Sterilization Indicators Inside Packages
Chemical indicators, internal and external, use sensitive chemicals to assess physical conditions (e.g., time and temperature) during the sterilization process. Although chemical indicators do not prove sterilization has been achieved, they allow detection of certain equipment malfunctions, and they can help identify procedural errors.
External indicators applied to the outside of a package (e.g., chemical indicator tape or special markings) change color rapidly when a specific parameter is reached, and they verify that the package has been exposed to the sterilization process. Internal chemical indicators should be used inside each package to ensure the sterilizing agent has penetrated the packaging material and actually reached the instruments inside. A single-parameter internal chemical indicator provides information regarding only one sterilization parameter (e.g., time or temperature).
Multi-parameter internal chemical indicators are designed to react to >2 parameters (e.g., time and temperature; or time, temperature, and the presence of steam) and can provide a more reliable indication that sterilization conditions have been met. Multi-parameter internal indicators are available only for steam sterilizers (i.e., autoclaves).2
Additionally, many pouches on the market now feature built in internal and external indicators, which Dr. Chris Miller said is an advancement that saves clinicians time and money previously spent purchasing and inserting indicator strips into the pouches.3 Utilizing sterilization pouches/bags with built in internal and external indicators eliminates the need to insert another indicator strip into the bag. However, dental infection control experts do recommend that the sterilization pouches contain built in internal/external multi-parameter steam indicators verses those that only measure one parameter. Resources:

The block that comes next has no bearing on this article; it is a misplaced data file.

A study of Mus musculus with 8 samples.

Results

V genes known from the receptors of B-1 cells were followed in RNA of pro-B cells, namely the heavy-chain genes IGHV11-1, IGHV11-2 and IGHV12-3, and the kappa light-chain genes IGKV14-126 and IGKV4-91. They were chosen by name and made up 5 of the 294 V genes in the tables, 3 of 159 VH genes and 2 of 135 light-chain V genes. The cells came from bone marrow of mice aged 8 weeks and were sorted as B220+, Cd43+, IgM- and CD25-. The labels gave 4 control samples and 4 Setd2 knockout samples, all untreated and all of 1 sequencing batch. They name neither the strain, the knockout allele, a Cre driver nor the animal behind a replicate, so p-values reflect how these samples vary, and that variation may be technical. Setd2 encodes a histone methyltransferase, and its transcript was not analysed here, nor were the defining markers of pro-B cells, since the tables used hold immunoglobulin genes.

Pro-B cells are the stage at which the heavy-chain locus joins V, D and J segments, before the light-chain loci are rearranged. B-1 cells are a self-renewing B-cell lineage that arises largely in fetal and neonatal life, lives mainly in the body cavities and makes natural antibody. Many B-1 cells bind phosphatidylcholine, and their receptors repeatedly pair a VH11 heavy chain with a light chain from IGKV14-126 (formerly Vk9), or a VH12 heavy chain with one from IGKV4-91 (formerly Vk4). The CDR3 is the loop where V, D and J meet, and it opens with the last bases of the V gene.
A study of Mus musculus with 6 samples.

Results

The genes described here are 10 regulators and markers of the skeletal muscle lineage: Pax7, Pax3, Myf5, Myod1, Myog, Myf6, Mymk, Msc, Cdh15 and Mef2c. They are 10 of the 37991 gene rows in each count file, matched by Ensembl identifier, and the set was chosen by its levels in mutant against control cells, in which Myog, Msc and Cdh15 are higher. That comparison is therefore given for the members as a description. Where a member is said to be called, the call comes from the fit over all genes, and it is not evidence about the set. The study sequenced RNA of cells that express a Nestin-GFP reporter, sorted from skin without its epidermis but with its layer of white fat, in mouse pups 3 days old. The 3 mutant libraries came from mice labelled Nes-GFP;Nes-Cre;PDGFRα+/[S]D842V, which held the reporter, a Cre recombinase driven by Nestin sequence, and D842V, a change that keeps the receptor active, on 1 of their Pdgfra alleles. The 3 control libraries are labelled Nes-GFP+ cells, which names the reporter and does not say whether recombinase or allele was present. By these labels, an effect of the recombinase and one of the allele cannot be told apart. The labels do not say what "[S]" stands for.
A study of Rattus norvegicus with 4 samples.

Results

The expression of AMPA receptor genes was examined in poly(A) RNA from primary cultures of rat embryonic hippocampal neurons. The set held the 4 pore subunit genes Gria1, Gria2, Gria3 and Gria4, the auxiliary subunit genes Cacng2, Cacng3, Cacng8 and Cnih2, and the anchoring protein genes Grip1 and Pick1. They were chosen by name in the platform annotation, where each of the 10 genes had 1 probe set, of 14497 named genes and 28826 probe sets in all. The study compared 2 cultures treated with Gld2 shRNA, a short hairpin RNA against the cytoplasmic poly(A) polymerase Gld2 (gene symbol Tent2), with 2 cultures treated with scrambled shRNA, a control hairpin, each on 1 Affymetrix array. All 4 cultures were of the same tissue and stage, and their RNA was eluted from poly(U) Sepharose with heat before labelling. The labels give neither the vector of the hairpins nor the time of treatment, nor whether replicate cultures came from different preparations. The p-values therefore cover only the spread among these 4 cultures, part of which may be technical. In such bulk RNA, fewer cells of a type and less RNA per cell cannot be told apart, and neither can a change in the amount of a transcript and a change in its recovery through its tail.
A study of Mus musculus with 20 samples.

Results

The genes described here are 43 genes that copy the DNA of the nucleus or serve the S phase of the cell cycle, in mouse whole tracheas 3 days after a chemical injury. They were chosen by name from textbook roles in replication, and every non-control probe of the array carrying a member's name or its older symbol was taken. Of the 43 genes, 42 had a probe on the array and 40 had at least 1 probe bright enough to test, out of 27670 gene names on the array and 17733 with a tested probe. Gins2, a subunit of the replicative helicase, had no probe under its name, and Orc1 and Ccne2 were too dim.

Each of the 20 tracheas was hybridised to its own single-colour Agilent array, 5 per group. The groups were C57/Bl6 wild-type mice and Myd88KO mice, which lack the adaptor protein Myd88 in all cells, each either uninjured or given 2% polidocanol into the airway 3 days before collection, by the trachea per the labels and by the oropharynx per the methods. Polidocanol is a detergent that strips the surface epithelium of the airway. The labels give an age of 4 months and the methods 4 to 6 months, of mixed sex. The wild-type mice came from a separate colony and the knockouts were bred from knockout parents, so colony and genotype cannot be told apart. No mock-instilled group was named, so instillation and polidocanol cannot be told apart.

1) Practical Infection Control In Dentistry, 3rd. edition. By Molinari and Harte. Kluwer/Lippincott/Williams & Wilkins Publishers. Copyright 2010. Page 160.
2) CDC Guidelines for Infection Control in Dental Healthcare Settings (December 2003) http://www.cdc.gov/mmwr/preview/mmwrhtml/rr5217a1.htm
3) Dental Products Report: http://www.dentalproductsreport.com/articles/show/dpr0709_stm_sterilization-pouches/2
For the most current information on infection control issues, please join us in Tampa, Florida, June 10-13, 2010, for the OSAP Annual Symposium. This information is also available on the OSAP website.